According to a new study, you might feel differently about who you’ve swiped right on after you’ve had a snack

Most of us know acutely what it means to be “hangry,” or so hungry you decide you’d rather throw the toaster out the window than wait another goddamn minute for crispy bread. But as it turns out, hunger may not only impact our mood and behavior, but also who we’re attracted to (should we call this the state of being “horngry?”). 

More specifically, a recent study published in BMC Psychology found that feelings of hunger can impact our aesthetic appreciation, particularly for different types of faces and bodies.

In the study, researchers asked a group of 44 men and women with the average age of 23 to fast for 12 hours. Then, images of two males and two females wearing identical underwear and displayed against a plain background were used as models of different digitally-altered body types, with their faces varying in roundness. The hungry participants were asked to rate how much they liked the images they saw. Next, they were given a snack, and asked to rate the images again.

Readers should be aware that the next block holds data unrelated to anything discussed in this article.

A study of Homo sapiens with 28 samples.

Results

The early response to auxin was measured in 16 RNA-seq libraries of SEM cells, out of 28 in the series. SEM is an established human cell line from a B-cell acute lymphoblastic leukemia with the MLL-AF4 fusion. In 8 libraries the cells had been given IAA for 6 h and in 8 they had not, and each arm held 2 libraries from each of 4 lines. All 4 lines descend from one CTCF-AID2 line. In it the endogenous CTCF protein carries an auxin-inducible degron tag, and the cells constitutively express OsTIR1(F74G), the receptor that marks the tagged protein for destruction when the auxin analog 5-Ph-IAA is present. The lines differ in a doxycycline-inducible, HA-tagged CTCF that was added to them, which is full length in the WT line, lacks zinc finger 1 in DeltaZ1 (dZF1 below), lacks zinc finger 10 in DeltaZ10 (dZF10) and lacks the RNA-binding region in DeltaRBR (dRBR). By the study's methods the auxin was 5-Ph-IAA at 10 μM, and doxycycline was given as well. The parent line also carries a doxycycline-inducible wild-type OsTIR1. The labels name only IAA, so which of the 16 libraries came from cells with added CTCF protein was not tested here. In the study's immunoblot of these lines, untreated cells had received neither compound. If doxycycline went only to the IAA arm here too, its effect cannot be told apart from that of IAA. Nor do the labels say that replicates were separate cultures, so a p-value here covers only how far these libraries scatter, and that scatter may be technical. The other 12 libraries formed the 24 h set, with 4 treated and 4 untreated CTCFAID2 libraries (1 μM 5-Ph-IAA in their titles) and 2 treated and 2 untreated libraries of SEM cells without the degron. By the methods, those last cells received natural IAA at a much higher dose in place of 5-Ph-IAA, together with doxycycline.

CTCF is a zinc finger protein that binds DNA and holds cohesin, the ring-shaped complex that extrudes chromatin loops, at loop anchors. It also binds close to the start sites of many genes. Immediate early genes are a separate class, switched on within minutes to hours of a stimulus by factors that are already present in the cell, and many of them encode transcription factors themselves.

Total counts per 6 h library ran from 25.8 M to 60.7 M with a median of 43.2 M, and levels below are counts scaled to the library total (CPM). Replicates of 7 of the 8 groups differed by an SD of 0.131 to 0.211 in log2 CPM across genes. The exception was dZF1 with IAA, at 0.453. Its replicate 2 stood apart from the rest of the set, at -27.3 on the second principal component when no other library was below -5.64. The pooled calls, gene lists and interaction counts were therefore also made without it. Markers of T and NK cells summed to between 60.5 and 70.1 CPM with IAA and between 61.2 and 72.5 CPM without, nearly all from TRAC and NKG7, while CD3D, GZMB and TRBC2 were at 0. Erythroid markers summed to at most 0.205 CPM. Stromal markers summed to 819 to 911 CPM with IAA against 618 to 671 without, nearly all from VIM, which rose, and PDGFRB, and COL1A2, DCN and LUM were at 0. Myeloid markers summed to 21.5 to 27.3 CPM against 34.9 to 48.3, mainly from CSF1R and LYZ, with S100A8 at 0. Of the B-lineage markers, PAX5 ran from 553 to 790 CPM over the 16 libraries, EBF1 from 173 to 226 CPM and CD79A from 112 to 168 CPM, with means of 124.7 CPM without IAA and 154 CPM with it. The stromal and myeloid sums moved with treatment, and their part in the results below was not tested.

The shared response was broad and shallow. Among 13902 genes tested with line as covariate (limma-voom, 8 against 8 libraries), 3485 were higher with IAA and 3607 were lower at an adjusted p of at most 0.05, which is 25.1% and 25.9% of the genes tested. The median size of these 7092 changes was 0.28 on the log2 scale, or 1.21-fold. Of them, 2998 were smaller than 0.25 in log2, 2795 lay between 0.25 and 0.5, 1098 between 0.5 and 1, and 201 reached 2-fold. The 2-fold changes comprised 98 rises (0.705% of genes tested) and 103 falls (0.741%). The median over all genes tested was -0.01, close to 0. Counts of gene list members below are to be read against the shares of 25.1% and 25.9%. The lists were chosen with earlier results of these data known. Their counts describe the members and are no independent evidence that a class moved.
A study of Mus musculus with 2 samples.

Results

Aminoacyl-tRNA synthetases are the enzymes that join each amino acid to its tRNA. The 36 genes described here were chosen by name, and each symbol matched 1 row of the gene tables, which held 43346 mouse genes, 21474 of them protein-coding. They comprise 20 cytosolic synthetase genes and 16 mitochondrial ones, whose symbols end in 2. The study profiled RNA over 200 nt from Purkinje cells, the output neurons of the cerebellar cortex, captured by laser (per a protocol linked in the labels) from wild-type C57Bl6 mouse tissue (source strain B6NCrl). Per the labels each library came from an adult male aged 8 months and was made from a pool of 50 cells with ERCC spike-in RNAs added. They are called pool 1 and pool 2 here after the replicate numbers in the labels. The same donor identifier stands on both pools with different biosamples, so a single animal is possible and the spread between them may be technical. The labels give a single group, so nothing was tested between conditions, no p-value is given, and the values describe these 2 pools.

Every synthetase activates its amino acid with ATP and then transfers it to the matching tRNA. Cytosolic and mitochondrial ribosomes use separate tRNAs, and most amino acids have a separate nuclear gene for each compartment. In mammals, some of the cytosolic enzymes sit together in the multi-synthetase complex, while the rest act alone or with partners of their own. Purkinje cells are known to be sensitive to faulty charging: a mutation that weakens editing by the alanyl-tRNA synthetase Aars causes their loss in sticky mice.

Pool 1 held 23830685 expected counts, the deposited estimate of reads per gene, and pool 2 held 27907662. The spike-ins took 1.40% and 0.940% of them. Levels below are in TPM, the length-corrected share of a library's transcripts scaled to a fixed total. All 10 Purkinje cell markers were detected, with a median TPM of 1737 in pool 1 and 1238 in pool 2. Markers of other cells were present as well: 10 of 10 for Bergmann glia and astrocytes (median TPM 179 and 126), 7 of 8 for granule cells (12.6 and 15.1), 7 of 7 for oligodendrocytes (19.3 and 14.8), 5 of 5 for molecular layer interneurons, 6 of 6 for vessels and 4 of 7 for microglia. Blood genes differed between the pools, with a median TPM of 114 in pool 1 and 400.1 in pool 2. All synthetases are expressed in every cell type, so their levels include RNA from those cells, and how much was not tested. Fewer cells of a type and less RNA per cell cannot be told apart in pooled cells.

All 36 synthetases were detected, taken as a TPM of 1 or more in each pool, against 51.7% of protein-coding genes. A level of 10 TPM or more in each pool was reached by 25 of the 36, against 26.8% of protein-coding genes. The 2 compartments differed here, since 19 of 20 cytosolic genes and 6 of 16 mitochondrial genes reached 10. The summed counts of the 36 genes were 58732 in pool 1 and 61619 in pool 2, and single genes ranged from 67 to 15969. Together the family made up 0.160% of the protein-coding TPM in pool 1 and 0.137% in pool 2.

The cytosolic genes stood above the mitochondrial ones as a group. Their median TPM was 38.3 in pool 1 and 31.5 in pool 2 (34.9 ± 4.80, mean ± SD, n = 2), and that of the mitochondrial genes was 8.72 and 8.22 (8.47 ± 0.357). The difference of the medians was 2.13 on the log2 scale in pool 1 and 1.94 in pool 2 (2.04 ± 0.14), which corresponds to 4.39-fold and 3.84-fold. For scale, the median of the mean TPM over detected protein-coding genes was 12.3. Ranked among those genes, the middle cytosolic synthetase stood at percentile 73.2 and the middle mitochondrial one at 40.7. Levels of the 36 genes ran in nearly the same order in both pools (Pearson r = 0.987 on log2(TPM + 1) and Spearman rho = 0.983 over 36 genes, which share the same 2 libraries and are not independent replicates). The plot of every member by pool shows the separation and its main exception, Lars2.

Overall, the study found that hungry people were more attracted to rounder faces and bodies. The same held true when the experiment was conducted with images of an object, rather than people — i.e., hungry participants still preferred the rounder versions. “It might be that hunger motivates people toward abundance in general, explaining why our participants liked more round stimuli in general, and not only round bodies and faces, when starving than when satiated,” the researchers explained. 

So, if you’re still starving waiting for your toast to pop, maybe satiate yourself in the meantime by looking at that big, thicc refrigerator.